Learning by Teaching


What is Learning by Teaching?

Learning by Teaching, often called Reciprocal Teaching, has been identified by many scholars and teachers over time as one of the most effective methods to confirm student understanding of course content. Student-driven instruction can take many forms and can be executed successfully in many different instructional formats. According to Barkley, Cross and Major, “it puts into practice what researchers and scholars find to be true about effective learning: it is active rather than passive, requiring students to both give and receive as they help each other gain knowledge or understanding.” (189) 

“The basic idea of the learner centred teaching method is that some traditional functions of the teacher are assigned to the pupils who are asked to teach the new content to their classmates by themselves. Thus, “they themselves are responsible for the quality” of their lessons.” (Skinner, 38)


Key Components

In order for Learning by Teaching to be successful, instructors must prepare students by ensuring they have the time and resources required to learn the content thoroughly. The topics assigned to student-instructors, or those students who have been identified by the instructor to teach a particular topic or session, should be of a level that a student with a good recall of the content can present successfully, but challenging enough that it results in discussion and follow-up.

Instructors explain the purpose of the exercise and outline requirements for each student-instructor’s presentation. Also useful is to have a closure activity to reflect upon what the class has learned and a follow-up contact with the student-instructor to gather feedback about the experience. (Barkley, Cross & Major, 212-213)

One potential set-up to a multi-session student-led learning exercise is as follows:

  1. Instructor puts students into small groups and presents a list of possible topics upon which students will develop expertise and teach other groups.
  2. In small groups, students research the topic using instructor-provided materials as well as other resources.
  3. Students work together to master the content and develop presentations on the topic, such as fact sheets, illustrations, and presentation materials.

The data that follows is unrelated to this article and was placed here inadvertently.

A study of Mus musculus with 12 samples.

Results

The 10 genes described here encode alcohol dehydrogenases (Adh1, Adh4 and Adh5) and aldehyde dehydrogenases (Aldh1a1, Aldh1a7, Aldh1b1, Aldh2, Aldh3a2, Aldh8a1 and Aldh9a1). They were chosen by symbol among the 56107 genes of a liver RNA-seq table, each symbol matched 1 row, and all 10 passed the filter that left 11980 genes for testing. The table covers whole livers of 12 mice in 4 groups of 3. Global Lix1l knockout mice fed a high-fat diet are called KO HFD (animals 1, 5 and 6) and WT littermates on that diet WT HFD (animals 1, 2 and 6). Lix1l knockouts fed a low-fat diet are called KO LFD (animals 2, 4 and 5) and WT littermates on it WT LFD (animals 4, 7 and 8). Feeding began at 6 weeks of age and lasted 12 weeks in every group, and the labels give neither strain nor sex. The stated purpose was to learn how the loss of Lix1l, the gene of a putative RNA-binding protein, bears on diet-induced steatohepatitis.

4. During the presentation session(s), the groups are then rearranged so that there is at least one member from each of the original groups present in the new group. Each student has an opportunity to teach the content knowledge he/she has acquired to his/her the other members of the new group, and he/she gains the knowledge gathered in the other groups by participating in the lessons taught by the other students in their group.
  5. The whole class assembles and the instructor debriefs the activity, checking for knowledge and gathering feedback about the exercise.



Using the above set-up, this activity can be applied across many topics and disciplines.

Student Ambassadors

In addition to in-class activities, instructors can look for opportunities for students to teach concepts presented in class to other groups in their community.  For example, one Honors Astrobiology class has planned to take advantage of an on-campus planetarium. The course instructor has planned a culminating activity which positions students in small teams to learn about one or more key concepts presented in the course. At the end of the semester, students will act as hosts and guides at the planetarium “open house” event for the community. They will give informative presentations on the subjects assigned to them. Students will engage in a creative activity by putting those presentations together, and they will be motivated to learn and process information deeply enough to present it to members of the community.


Best Practices

Reciprocal teaching techniques require students to be knowledgeable enough about the topic or one part of the topic to teach it thoroughly to others.  It is also beneficial for the learning group (the rest of the class) to have some prior knowledge about the topics in the event the student-instructor wishes to lead discussions and generate ideas from the group.  An effective strategy to implement student-led instruction is for instructors to provide an overview of the foundational principles of a topic or subject being taught by student-instructors and then assign student groups to research more deeply a specific technique, idea, or topic related to the broader topic in the overview.



Barkley, E., Cross, K., & Major, C. (2014). Collaborative learning techniques: A handbook for college faculty (Second ed.). San Francisco, CA: Jossey-Bass.

Skinner, J.D. (1994). “Learning by Teaching“. In: Zielsprache Englisch 2. pp. 38 – 39.